With the Italian elections taking place on March 4, New Europe’s Federico Grandesso sat down for an interview in Padova with one of the key local figure of the electoral campaign, Pier Luigi Bersani, former-leader of the Democratic Party (PD). After the painful split in the Democratic party, the Italian politician is now a top candidate in the newly born left-wing party “Liberi e Uguali“ chaired by Senate President Piero Grasso. In the interview, Bersani talks about his vision for Europe and his electoral priorities.

Q: Europe is a hot topic in this political campaign, what’s your strategy in relation to Brussels?

A: Europe is absolutely necessary, but we have to be more ambitious and push for a deep structural change. First, on immigration we have to set new rules to regularise the flow of migrants because our demography in Europe is in a deep crisis. You can’t stop water with your hands, therefore it is fundamental that we build up effective and regular channels that can deal with the issue. Second point, the asylum right should be managed at an EU level, I’m against the Dublin treaty or similar initiatives. About the economy, without taking out the investments from the deficit calculations, it will be impossible to create new jobs. In the banking sector, if you want to protect clients in a better way you need new regulations at the EU level. I think that if we can’t have an agreement on these matters among the 27 member states, we have to find a way to proceed anyway. In Europe, Italy fought to get more money but we spent it incorrectly. Regarding spending, I would have asked only for investments, adding then that my priority was also on immigration.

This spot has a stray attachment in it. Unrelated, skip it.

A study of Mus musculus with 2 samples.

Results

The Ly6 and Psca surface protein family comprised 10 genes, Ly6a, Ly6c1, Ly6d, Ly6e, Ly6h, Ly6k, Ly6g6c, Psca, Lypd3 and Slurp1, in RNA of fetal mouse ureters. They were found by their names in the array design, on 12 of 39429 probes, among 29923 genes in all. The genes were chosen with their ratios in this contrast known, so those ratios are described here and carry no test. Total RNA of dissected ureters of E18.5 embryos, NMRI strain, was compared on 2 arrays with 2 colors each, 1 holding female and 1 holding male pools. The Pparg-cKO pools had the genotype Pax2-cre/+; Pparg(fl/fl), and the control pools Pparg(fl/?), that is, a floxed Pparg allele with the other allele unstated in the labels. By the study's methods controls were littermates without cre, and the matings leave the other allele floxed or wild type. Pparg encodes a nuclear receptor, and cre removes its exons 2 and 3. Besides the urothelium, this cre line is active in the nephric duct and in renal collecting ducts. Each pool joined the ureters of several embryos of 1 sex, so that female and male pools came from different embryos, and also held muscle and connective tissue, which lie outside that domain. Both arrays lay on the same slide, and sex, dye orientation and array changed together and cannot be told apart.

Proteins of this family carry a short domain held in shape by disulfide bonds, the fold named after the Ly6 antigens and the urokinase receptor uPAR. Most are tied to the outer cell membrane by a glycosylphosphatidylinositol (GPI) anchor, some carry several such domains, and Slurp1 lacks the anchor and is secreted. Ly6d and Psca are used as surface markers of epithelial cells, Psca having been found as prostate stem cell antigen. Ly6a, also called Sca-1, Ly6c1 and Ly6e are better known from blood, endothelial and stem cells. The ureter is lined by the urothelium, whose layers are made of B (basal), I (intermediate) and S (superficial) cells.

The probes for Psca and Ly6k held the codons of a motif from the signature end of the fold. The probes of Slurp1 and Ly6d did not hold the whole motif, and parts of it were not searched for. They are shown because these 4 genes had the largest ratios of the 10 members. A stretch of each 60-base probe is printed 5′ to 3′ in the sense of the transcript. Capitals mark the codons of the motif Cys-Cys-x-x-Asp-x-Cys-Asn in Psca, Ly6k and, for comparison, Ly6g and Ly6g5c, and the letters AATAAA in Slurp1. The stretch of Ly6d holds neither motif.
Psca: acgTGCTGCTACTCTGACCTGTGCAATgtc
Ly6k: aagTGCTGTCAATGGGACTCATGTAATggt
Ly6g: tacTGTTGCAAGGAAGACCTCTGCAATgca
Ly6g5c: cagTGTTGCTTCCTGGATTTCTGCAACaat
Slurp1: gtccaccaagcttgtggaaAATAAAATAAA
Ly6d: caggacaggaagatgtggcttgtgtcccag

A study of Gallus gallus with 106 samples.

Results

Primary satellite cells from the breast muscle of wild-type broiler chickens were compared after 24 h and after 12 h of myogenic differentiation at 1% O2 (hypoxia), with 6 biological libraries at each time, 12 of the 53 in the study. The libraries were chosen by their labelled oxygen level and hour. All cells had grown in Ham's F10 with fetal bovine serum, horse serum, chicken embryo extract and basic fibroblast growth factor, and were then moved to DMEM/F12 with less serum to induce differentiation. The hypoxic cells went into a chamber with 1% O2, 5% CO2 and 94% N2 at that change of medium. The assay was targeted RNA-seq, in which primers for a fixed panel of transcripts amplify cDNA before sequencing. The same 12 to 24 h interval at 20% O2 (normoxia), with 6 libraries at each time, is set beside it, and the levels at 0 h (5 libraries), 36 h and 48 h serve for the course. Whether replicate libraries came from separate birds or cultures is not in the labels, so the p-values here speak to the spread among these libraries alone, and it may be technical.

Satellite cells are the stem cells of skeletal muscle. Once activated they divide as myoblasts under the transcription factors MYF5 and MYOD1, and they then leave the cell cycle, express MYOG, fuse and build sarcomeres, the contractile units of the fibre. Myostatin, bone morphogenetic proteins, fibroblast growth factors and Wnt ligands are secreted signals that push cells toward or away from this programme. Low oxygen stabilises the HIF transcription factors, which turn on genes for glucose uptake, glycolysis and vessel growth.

Q: According to you what is the best way to be heard in Europe when it comes to these important matters?

A: If Europe doesn’t want to listen to us I would follow the historical De Gaulle way leaving my chair empty. In this way, De Gaulle stopped every decision from being made through unanimity – that’s roughly half of the decisions made at the EU level. I’m for a civil and social Europe, not for a regressive one based on the ideas of new right-wing parties in Poland, Hungary, Czech Republic and, unfortunately, also in Italy.          

Q: It seems that the PD is going to consider a coalition with Forza Italia after the elections. Do you think this is possible?

A: The electoral lists we see in the PD coalition are the logic result of a clear centrist strategy. It started with the Nazareno pact, when Berlusconi tried to destroy everything related to the real left-wing tradition. The result is that we see candidates on the electoral list that have nothing to do with the left-wing family, like Beatrice Lorenzin and Casini in Emilia or the friends of Toto’ Cuffaro and Lombardo in Sicily. We can’t accept whatever decision is made, in the same was that Romano Prodi once did. If we continue to neglect the values we were born with, our basic political beliefs are going to be irrelevant. If you believe in a real left that is able to govern the country, you should vote for someone else.     

Q: Are you worried about the growth of the Northern League of Matteo Salvini especially here in the North?

A: Yes, we have to fight here a cultural battle. The Northern League, now called simply the League, suppressed its radical far-right soul to become a national party like the one we see in Hungary; a right-wing party following fascists ideas. I think that the democratic community should start considering this as a major problem, because here, in the Veneto, the democratic tradition is one the strongest in Italy.

Q: Can you tell me some points of your electoral program?

A: First, we have to fight the dramatic economic imbalances inside and outside Italy. We then have to watch over society with the eyes of citizens that are struggling every day to get by. If we will do that we are going to build a balanced and fair society. We are fighting for a more balanced labour law that could produce stable jobs and we are fighting for a more effective tax evasion strategy because that current one is closer to Berlusconi’s ideas. Unfortunately, the PD strategy is to eliminate the left-wing element in order to gain the Berlusconi vote.